Inspired by a recent post by Beauty Addict, I spent some time browsing PostSecret recently. It’s one of my favorite sites — favorite ideas, really. Just that anyone with something deeply buried can share it with the world. I came across this one.
That’s how I felt, too.
Growing up in the Caribbean — where more or less everyone is a shade of brown, and where my people identify themselves as “Trini” rather than Afro or Indo anything first — it’s easy to really believe in a true, happy melting pot. As I got older, the blinders fell away.
The racism in Trinidad exists, although nothing shocks me quite like American-in-your-face prejudice.
But still, even as a 27 (almost 28) year old woman living in a part of America where again, more or less everyone is a shade of brown (whether or not they want to acknowledge it), I sometimes let myself still believe that racism isn’t as rampant as I suspect it is. That we really have come a long way since the Civil Rights movement, and equality isn’t a distant light at the end of a dark tunnel, it’s practically here.
Students at Tarleton State University hosted a party in which white students dressed up in the most stereotypically black costumes. The photos on The Smoking Gun tell the whole story. Revelers came “wearing gang apparel and Afro wigs, carrying malt liquor, handguns, and fried chicken, and even one woman dressed as Aunt Jemima.”
I am not a violent person… but seeing this girl pose with her 40 in hand, wearing her costume made me want to smack the smile off her face.
I saw this douchebag in his “I Love Chicken” teeshirt, and it made me so angry.
I was upset when I had first seen the Ms. Peachez video for Fry That Chicken, that my own people would produce these kind of embarrassing images. But the message I got from the Texas college MLK party cuts so much deeper down than that, I mean, even that “black people do it so why can’t I?” defense (that I noticed came up a lot during the Michael Richards incident) can’t excuse this kind of stupidity.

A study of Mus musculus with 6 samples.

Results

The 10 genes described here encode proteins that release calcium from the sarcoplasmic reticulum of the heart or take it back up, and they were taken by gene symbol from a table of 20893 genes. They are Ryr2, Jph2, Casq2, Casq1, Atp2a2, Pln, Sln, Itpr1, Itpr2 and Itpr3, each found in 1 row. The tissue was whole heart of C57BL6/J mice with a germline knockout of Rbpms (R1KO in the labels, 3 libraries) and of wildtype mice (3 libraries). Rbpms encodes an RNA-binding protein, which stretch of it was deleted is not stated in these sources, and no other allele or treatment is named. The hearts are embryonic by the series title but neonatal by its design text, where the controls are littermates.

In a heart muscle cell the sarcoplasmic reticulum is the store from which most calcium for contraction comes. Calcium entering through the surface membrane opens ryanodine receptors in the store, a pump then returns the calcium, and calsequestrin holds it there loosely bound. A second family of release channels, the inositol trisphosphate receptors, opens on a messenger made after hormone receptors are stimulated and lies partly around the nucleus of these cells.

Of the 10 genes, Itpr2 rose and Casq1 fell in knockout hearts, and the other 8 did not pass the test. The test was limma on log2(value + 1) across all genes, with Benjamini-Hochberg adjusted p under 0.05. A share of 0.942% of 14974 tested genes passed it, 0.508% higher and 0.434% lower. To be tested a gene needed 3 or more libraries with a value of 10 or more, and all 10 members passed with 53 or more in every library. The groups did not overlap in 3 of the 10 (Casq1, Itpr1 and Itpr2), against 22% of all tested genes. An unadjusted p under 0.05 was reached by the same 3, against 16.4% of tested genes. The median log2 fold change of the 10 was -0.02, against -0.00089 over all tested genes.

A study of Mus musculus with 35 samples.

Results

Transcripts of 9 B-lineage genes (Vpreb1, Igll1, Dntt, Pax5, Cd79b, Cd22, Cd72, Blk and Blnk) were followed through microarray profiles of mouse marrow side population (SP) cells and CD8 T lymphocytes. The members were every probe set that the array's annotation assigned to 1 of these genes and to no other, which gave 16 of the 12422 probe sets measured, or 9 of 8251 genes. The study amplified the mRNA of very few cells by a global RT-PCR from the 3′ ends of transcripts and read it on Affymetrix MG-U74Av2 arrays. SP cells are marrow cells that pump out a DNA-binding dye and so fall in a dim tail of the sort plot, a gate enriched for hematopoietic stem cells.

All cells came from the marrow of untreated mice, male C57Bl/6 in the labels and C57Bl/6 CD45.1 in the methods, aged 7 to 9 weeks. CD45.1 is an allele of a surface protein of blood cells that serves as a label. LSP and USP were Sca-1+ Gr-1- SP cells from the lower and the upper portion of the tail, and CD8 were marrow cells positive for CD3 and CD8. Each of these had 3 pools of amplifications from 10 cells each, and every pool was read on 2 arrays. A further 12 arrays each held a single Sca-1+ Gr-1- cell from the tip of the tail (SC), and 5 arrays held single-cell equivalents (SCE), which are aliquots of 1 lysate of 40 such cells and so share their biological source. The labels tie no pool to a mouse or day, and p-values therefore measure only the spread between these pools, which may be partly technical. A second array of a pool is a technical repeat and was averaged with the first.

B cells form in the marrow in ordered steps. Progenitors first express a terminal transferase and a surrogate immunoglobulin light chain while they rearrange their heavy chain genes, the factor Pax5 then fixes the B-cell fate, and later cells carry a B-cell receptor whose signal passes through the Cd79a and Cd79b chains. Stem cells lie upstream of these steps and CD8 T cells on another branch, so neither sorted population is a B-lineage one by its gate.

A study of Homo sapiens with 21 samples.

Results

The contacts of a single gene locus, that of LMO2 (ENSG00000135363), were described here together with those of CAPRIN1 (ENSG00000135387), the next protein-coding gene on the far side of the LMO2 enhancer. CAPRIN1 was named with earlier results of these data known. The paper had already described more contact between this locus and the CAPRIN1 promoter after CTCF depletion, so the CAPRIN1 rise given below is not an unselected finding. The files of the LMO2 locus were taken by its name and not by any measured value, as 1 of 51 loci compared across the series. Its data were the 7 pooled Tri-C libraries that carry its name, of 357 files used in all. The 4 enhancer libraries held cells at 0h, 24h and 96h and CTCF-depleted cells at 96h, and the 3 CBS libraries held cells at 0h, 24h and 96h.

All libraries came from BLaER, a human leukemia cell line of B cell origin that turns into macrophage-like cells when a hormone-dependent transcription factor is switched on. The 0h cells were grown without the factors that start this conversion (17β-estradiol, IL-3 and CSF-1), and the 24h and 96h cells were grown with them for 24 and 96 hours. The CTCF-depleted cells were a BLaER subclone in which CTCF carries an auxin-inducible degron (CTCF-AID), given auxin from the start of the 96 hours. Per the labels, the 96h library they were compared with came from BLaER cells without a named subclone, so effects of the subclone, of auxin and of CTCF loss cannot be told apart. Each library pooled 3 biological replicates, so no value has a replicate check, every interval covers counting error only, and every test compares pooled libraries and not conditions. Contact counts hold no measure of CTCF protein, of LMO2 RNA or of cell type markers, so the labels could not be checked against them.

Still, one of the students tried to explain the rationale for the event: He “noted that the party was started a few years earlier “because one of best friends is black or African American, whichever you deem politically correct, to be his day not to dishonor him.” He added, “So I do apologize if you felt any disrespect because none was intended.“” Then he took the photos down from his Facebook page, and “stated that the party was not meant to be “racist or discriminating.””
Oh, well that certainly cleared everything up. That ol’ “some of my best friends are black” card sure comes in handy. Funny how there apparently aren’t any black people at the party, though.
Sometimes it feels like race relations are progressing, and there are honest attempts to heal old wounds. I was pleased to see that 71-year-old Klansman get arrested for his crimes forty years ago. But these party photos are the images of regression, and they are other clear indications that something is still rotten with race relations here.
They’re trying to roll back the hands of time in Fulton County, Georgia — the white part of the suburbs are pushing for secession from the impoverished black neighborhoods. So much for the illusion of integration there.
This goes back to my MLK Day post, how much longer do we have to dream?
I’m not sure how many of you know the expression I used as the title here, we say it a lot in my family and my American husband had never heard it before. “If wishes were horses, beggars would ride.”
Wishing and hoping and praying hasn’t gotten us far. I think the time for us to wish and dream is over. I believe that it’s up to us to make positive changes, to dispel this kind of ignorance. But — and I want to hear from black and white readers, here — honestly, what can we do to make things better?